The Pub Landlord (or TPL as I’ll call him for the rest of this post) is a difficult character to unpick. He’s been around so long now that the original point of the joke is becoming shrouded in more and more layers of reflexive irony. This has made the character controversial, with even comedians like Richard Herring (who helped write the Sky sitcom “Time Gentlemen Please“, starring TPL) expressing concern about the particular life he has taken on, and the audience reaction to him. It’s a thorny nexus indeed, and one which could be simplistically reduced to talking about him being taken utterly at face value. But, as the Pub Landlord himself might say, “its much more complicated than that.”
The first question to ask, as it is for any comedian, is: is he funny? Well, yes. Yes he is. He’s very funny indeed. My friend James and I managed to bag pretty much the first two tickets on sale at the venue, so we had seats A1 and A2. Thankfully, we weren’t in the middle aisle seats, as the front row get mercilessly and very skillfully mined for material in the first half of the show. TPL does get to us, picking on the fact that James and I are for one thing, not small and second, both with beards. He ends up deciding we met using gay online dating, but is then distracted by a woman from the centre of the front row deciding she has to go to the loo right now. Oddly, quite a lot of people do that during the night. Maybe it’s the cold because it was bloody freezing outside. There’s material which is clearly prepped for general situations, in the hope of getting a few hits, as well as material designed to press local buttons. Tonight, for Scarborough it’s mainly Savile-related, though there are a couple of good lines about Whitby and Grimsby along the way..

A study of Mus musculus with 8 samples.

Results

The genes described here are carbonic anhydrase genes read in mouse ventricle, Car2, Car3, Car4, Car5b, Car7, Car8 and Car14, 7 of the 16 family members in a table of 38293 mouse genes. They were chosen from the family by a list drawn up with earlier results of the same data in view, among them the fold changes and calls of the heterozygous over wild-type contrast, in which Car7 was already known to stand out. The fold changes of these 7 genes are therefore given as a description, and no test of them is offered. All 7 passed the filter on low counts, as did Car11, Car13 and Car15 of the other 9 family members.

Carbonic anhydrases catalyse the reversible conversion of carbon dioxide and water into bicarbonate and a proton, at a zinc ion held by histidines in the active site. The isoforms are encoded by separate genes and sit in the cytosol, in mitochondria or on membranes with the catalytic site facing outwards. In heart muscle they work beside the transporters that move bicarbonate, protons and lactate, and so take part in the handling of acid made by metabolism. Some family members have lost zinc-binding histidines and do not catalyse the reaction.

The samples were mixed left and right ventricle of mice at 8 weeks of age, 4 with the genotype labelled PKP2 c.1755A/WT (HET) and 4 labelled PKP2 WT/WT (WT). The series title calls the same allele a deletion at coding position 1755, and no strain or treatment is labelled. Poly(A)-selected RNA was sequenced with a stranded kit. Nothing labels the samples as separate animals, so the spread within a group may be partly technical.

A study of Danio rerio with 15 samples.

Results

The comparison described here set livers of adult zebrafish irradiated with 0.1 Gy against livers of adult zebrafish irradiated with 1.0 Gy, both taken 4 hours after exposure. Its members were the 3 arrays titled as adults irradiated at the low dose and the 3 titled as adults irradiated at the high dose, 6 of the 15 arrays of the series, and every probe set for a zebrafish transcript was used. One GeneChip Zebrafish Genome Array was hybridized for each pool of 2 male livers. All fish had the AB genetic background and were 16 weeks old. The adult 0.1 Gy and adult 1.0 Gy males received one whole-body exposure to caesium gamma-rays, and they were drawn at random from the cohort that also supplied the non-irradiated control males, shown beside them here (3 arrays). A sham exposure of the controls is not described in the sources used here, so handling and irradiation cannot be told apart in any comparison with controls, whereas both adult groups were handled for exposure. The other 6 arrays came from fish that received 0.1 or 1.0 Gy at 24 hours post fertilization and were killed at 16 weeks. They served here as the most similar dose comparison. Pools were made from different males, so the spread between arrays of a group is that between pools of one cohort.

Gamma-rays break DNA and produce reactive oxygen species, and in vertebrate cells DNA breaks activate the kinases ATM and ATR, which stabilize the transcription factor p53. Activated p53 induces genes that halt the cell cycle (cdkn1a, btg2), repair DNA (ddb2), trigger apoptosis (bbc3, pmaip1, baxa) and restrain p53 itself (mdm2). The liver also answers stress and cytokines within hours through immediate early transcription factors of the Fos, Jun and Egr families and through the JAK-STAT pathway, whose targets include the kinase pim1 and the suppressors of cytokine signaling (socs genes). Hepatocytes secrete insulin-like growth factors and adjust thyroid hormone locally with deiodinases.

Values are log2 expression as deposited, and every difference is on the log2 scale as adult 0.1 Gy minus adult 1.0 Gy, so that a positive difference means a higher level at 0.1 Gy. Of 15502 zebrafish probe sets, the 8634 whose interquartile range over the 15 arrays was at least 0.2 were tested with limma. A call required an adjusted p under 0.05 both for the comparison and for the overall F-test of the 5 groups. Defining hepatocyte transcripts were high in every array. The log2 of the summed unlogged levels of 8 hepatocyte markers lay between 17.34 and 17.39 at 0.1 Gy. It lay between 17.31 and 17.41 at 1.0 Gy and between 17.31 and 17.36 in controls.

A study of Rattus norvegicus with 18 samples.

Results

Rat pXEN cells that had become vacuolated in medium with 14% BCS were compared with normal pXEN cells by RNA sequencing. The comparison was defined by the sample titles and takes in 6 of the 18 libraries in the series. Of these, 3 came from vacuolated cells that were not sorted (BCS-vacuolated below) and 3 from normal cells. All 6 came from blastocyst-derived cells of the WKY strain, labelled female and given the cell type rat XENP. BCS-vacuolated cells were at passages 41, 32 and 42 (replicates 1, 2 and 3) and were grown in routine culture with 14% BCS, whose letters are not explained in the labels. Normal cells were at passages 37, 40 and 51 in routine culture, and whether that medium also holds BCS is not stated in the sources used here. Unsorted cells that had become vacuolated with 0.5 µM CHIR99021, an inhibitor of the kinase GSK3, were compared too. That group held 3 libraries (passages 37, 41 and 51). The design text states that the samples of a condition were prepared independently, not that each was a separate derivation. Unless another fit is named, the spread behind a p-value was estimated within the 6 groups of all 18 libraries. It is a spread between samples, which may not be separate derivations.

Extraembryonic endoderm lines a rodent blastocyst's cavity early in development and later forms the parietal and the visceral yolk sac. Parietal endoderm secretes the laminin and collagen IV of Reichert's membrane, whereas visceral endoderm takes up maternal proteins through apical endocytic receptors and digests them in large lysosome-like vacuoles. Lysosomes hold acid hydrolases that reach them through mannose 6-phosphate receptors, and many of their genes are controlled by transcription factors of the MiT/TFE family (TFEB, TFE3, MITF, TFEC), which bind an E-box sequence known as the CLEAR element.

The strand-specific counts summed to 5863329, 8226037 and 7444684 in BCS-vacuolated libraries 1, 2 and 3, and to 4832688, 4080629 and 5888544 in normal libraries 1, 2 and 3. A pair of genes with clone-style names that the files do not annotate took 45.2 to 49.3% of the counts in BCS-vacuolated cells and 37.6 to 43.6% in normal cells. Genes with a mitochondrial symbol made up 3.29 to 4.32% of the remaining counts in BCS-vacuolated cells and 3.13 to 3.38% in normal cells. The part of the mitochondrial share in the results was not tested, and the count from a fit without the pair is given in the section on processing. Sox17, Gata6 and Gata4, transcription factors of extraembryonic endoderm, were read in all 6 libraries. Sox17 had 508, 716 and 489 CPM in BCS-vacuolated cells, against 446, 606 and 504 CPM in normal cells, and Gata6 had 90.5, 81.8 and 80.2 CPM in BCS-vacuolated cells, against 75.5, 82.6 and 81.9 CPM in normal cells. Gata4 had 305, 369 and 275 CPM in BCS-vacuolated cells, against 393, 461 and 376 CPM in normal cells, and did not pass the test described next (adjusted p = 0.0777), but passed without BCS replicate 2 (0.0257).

The highlights of the first half are a critique of the current government as the worst one ever, by the end of which he has provided a brief (and accurate) commentary on every post-war UK government, and a brief summary of the Euro-zone crisis, just to help out the banker-free audience, and an accountant, who’d shown up this evening.
The second half is targetted more at “the ladies”, with some nice undercutting of gender politics, sound advice for parents and the potential for the end of human civilisation that the horror of the vajazzle threatens.
In common with others I’ve seen recently, the false modesty of the encore has thankfully been dispensed with, so that when he leaves the stage it really is the end and the house lights come up.
Whatever your opinions of TPL as a character, it can’t be denied that Al Murray has honed him into a thing of wonder indeed: the technical prowess on show is really some thing to admire. So complete is the suspension of disbelief during the show that it’s difficult to remember that this monstrous grotesque isn’t a real person, or that it might just be the voice inside the comedian’s head telling us what he really thinks (or what he’d like us to believe he really thinks). Or perhaps something else entirely. Who knows? And in the end, given how funny he remains, is it really that important?